Minneapolis teacher looks to broaden student musical experiences
In Sarah Minette’s music classes at Minneapolis South High School, she doesn’t look for students to just play a piece of music together as an ensemble. She wants to see them create.
That philosophy is a big reason why Minette was recently named one of the five 2018 Music Education Innovator Award winners from the Give A Note Foundation.
The Music Education Innovator Award recognizes creative music programs that attract students not typically enrolled in music education courses, thereby increasing access to music education through diversity in curriculum and approach, according to a press release from the foundation announcing the award recipients.
With the title, Minette was awarded $4,000, which she plans to use to start a sound production class at South.
“I want to get as many students into music-making as possible. By adding this class, we can get more students involved,” she said. “The grant helps. Every little bit of money helps. It brings an awareness to what is possible in education. It doesn’t just have to be band, choir and orchestra.”
The sound production class will begin in the 2019-20 school year and while Minette is still figuring out some of the logistics like classroom space, she already has plenty of projects in mind.
“I want to allow students to create beats and a have a more in-depth look into audio creation and mixing to create music,” Minette said. “I also want to look at how we can engage other areas of the school. What if one of the language arts classes wrote poetry and my students came up with beats to turn it into a song?”
Creating this class is not the only way Minette is bringing music to students in an innovative way. She teaches two levels of guitar and piano and has taught a pop music course that looked at music through a social justice lens.
“We all have musical experiences and backgrounds. How can we harness that?” she said. “Students can go home and create music on their own. This is providing a space in school for it. It’s not just school music. It’s student music.”
Bringing more opportunities for musical experiences to her students is also important to Minette because of her school’s diverse student population.
“The majority of the students with whom I work are immigrants and refugees who are not native English speakers,” Minette said in her grant application. “Many of them have not played instruments before or have had the opportunity to experience music making in school. [As] newcomers in our country, they attempt to navigate the complexities of a new language, being a teenager, [all while] maintaining a sense of their culture. Through music, we are able to bridge these many gaps. By experimenting with different styles of music, through collaborative and individual opportunities, students begin to see themselves as not only musical, but creative beings.”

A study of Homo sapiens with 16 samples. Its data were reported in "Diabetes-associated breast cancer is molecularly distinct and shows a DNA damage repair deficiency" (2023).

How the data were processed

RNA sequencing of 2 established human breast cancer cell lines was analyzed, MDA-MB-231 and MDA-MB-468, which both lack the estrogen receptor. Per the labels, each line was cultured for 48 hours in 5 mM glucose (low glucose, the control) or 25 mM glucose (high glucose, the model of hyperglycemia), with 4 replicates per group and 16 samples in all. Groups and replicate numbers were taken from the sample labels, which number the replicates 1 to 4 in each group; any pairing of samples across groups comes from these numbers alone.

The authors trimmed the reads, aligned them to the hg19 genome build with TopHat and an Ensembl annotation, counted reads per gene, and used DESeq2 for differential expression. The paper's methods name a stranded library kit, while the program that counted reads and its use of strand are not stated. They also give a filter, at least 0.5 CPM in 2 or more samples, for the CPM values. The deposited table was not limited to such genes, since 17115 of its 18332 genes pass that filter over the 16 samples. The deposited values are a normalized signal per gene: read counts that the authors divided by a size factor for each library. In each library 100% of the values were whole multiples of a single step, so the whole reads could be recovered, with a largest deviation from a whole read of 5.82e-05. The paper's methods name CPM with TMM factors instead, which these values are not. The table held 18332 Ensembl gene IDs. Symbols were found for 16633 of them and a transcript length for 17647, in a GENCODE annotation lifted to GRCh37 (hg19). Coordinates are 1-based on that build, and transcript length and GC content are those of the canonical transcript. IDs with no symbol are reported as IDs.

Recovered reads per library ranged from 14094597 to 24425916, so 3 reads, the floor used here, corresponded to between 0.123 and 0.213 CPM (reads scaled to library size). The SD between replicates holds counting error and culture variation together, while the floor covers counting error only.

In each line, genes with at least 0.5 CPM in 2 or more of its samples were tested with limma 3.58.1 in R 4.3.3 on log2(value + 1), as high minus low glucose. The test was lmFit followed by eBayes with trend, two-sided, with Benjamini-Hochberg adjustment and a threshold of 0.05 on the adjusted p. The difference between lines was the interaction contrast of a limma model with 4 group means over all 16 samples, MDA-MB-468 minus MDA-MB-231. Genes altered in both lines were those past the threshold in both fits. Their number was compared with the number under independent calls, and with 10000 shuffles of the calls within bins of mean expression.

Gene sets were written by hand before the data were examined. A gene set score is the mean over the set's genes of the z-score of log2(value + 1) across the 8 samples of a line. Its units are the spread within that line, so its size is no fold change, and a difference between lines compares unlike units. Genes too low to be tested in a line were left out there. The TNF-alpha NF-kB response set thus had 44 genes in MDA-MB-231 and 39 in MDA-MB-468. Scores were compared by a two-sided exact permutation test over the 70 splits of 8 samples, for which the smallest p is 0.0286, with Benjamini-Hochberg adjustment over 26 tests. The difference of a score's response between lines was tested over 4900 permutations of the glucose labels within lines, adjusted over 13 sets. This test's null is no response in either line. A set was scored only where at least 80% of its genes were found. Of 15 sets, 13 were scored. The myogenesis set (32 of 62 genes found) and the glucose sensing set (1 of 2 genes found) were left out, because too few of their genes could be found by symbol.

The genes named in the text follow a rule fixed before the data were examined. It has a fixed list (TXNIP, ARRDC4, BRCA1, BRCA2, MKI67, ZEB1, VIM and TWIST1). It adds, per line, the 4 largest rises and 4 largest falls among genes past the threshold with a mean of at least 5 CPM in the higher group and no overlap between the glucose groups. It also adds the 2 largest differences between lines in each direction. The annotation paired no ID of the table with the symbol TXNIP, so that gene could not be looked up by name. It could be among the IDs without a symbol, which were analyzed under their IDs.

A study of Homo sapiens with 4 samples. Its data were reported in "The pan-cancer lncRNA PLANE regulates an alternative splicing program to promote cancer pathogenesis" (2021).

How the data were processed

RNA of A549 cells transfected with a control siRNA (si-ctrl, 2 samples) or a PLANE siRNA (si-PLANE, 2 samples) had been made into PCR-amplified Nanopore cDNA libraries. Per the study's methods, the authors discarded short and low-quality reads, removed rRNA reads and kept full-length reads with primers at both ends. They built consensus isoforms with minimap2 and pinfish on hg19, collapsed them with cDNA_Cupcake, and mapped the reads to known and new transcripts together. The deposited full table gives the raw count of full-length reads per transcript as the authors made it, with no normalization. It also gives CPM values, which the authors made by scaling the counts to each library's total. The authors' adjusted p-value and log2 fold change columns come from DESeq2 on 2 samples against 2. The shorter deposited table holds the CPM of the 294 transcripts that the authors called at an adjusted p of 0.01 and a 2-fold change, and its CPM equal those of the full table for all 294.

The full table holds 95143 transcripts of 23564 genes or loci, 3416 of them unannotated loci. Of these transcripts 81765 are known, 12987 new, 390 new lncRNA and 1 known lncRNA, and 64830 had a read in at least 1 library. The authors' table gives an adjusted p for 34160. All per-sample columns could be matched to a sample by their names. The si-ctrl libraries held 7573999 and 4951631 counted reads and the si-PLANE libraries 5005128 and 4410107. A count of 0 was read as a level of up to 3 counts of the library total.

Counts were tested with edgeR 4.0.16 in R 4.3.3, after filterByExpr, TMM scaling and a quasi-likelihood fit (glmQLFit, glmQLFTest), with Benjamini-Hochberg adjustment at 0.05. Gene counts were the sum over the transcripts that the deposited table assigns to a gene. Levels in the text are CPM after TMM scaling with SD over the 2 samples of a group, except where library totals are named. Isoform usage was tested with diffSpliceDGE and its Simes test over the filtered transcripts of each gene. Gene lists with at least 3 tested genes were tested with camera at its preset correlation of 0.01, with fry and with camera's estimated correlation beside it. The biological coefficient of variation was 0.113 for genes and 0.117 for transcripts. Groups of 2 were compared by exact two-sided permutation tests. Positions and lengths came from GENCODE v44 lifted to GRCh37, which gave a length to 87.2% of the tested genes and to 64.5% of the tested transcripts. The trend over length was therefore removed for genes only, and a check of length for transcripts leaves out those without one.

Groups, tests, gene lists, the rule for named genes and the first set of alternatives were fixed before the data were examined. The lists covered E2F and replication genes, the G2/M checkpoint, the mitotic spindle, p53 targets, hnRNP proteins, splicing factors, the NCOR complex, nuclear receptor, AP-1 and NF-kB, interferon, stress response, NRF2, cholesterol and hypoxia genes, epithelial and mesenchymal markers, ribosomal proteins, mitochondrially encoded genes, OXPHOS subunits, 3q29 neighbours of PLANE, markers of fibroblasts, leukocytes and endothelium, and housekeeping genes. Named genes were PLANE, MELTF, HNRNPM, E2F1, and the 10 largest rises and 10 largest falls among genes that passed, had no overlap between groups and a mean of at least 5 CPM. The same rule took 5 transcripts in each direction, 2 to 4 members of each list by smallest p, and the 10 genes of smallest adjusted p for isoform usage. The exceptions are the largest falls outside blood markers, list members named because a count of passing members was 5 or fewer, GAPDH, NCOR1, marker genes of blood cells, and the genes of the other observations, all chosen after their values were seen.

Evolving her curriculum and working through ideas with her students is a big piece of how Minette approaches teaching.
“Curriculum is always evolving,” she said. “It’s taking that leap of faith. I learn along with the students. You’re going to make mistakes and it’s OK. The students are OK with it.”
Two years ago, Minette brought the idea of recording an album to her Intermediate Guitar class.
“I pitched the idea to the kids. They loved it and we did it. And then we did it again the next year,” she said.
Minette worked with a local recording studio to help with the recording and mixing of the album, but said both her and the kids were invested and learning throughout the whole process.
The award also means Minette will be a special guest at the Country Music Association Foundation’s Music Teachers of Excellence Awards dinner in Nashville this April and receive an all-expense paid trip to present on her program at the National Association for Music Education National Conference.
To learn more about the Give A Note Foundation and its grant opportunities, go to www.giveanote.org.
Applications for the 2019 Music Education Innovator Awards are open until Feb. 11.